When Choice Becomes Privilege.
I like being home.
Given the choice, I‘d much rather curl up with a good book and a cup of tea than go out and socialize. I have worked from home for the past eight years and I am a firm proponent of remote work culture. Home is my safe space -it’s where I create, nurture and rejuvenate.
Lately, though, home has felt less like a place of infinite comfort and more like indefinite confinement.
When a shelter-in-place order was first made effective in my area, I felt equal parts dread and relief. Dread because it was clear things were getting serious. And relief because the social distancing was so very needed.
The first couple days things didn’t seem all that different at our home. My husband works remotely when not traveling and my daughter had been out of preschool since a few days before.
With each passing day, however, things became increasingly more surreal. As country after country started shutting down its borders and ordering national lockdowns, the dystopian reality of the pandemic began to settle in.
Grocery delivery slots acquired a mythical status, yoga and dance classes moved online, weekend get-togethers morphed into Zoom hangouts, and the inevitability of this being a new, indefinite normal slowly started seeping in.
I was starting to feel claustrophobic. I literally waited for that time of the day when I could step out for a walk or a run, anything to escape the incessant confinement. I worried that my only child, devoid of socialization, would retreat into her shy self and find it hard to merge back into the mainstream come fall when she is due to start kindergarten. I worried that this forced sedentary lifestyle would impact my husband’s health. I worried about my family overseas and wondered when I would be able to see them again. So consumed was I by my anxieties, I remained obtusely oblivious to what was in my control-my ability to choose.
One night, while talking to my daughter at bedtime, the obvious entitlement of my situation became painfully obvious to me. She knows what is happening (minus the gory details, of course) and was, expectedly, curious about when life would return to normal. I told her, honestly, that I wasn’t sure and that it was likely to take a while. She looked at me, her sweet little face bright with earnestness, and said ‘oh well, it’s a good thing then that we are all together and have enough snacks and toys’.
As I thoughtfully considered my five year old’s ability to effortlessly rationalize a world that is as far removed from her erstwhile reality as could be, I felt awash with the realization of my privilege. Here we are, a family of three in our comfortably furnished home, all safe and healthy, with ample food to eat. While, around us, doctors and nurses, grocery store staff and delivery drivers, warehouse workers and mail delivery employees… so many people continue to show up for the services we consider essential. Not out of choice either, but because theirs is not a job that can be conducted from the safe confines of their homes. Or because they consider it their duty to show up, to do their bit in trying to stem this tsunami of epic proportions.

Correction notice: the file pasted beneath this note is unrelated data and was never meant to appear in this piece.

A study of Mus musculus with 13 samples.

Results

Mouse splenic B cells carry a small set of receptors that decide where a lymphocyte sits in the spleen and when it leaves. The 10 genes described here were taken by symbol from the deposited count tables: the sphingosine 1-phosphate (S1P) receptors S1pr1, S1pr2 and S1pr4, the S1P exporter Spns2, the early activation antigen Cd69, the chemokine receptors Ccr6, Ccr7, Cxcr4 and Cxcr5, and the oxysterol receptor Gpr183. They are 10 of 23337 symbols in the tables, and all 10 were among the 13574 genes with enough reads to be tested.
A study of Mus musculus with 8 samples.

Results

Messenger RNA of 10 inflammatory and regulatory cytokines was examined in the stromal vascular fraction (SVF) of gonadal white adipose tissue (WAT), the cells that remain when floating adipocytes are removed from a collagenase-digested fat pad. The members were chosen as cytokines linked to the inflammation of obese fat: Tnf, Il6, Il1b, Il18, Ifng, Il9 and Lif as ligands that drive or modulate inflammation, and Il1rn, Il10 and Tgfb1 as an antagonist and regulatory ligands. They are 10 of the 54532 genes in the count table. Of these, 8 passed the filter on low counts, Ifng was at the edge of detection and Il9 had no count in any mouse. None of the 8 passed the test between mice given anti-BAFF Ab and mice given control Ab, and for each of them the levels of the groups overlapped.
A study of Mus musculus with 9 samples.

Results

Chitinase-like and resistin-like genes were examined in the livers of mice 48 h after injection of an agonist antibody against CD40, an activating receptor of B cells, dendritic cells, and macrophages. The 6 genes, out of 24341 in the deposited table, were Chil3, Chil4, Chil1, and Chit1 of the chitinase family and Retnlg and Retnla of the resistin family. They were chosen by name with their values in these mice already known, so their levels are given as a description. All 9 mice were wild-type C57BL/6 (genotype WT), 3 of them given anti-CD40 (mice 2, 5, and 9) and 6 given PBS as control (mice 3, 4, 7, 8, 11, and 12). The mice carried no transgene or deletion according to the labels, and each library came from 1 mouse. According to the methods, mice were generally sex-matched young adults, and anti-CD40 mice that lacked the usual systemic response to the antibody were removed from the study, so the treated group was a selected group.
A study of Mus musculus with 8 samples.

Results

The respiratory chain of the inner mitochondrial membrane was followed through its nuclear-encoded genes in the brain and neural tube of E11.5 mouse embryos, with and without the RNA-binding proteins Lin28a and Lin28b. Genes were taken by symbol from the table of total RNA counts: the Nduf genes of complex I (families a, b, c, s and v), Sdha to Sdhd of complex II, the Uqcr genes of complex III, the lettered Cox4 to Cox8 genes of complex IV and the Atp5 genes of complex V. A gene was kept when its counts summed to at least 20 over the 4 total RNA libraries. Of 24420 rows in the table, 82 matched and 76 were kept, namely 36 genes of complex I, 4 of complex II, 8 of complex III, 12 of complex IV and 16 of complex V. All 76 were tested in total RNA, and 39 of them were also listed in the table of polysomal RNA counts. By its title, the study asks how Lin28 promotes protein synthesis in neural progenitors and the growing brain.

And it doesn’t end there. There are single parents who have had to give up their jobs to stay home with their kids. Older people living by themselves and autoimmune disease sufferers who fear for their lives every time they have to step out for groceries. Homeless communities and migrant workers who have no means of independent sustenance in these harsh times. Those who daily face the threat of domestic abuse. Millions of people around the world whose lives and livelihoods stand radically altered, and who have no way of knowing how and if they will ever emerge from this devastation.
And then there’s us. Sheltered from the havoc and chaos outside. Because, even if it doesn’t seem so, we do have a choice. A choice to hunker down and use this time to bond with family. A choice to learn new things and teach new things. A choice to help those less fortunate than us. And, above all, a choice to stay safe.
It’s simple. We can feel stuck indefinitely in a situation that’s not of our own making and that we have no control over, or we can feel grateful that we have a home to shelter in, food to fill our bellies with and family to ride these trying times out with. We can feel frustrated having bored kids home all day, every day or feel thankful that they are safe, that we can watch over them and kiss them goodnight. We can lament having to cook and clean all day, or feel blessed that we have food to make meals with and a home to keep clean.
So, the next time you feel the walls closing in, the kids getting on your nerves and your mind getting numbed from the monotony of staying indoors, send out a thankful prayer. Thank the universe for the privilege to have these frustrations.
Because it is nothing less than a privilege — this ability of ours to stay home right now. In a world that is now being forced to define choice by horrific yardsticks that measure the worth of one human life against another, we have a rather simple choice to make — stay indoors or risk lives.
‘Stuck at home’ or ‘safer at home’: in the end, it’s all a matter of perspective.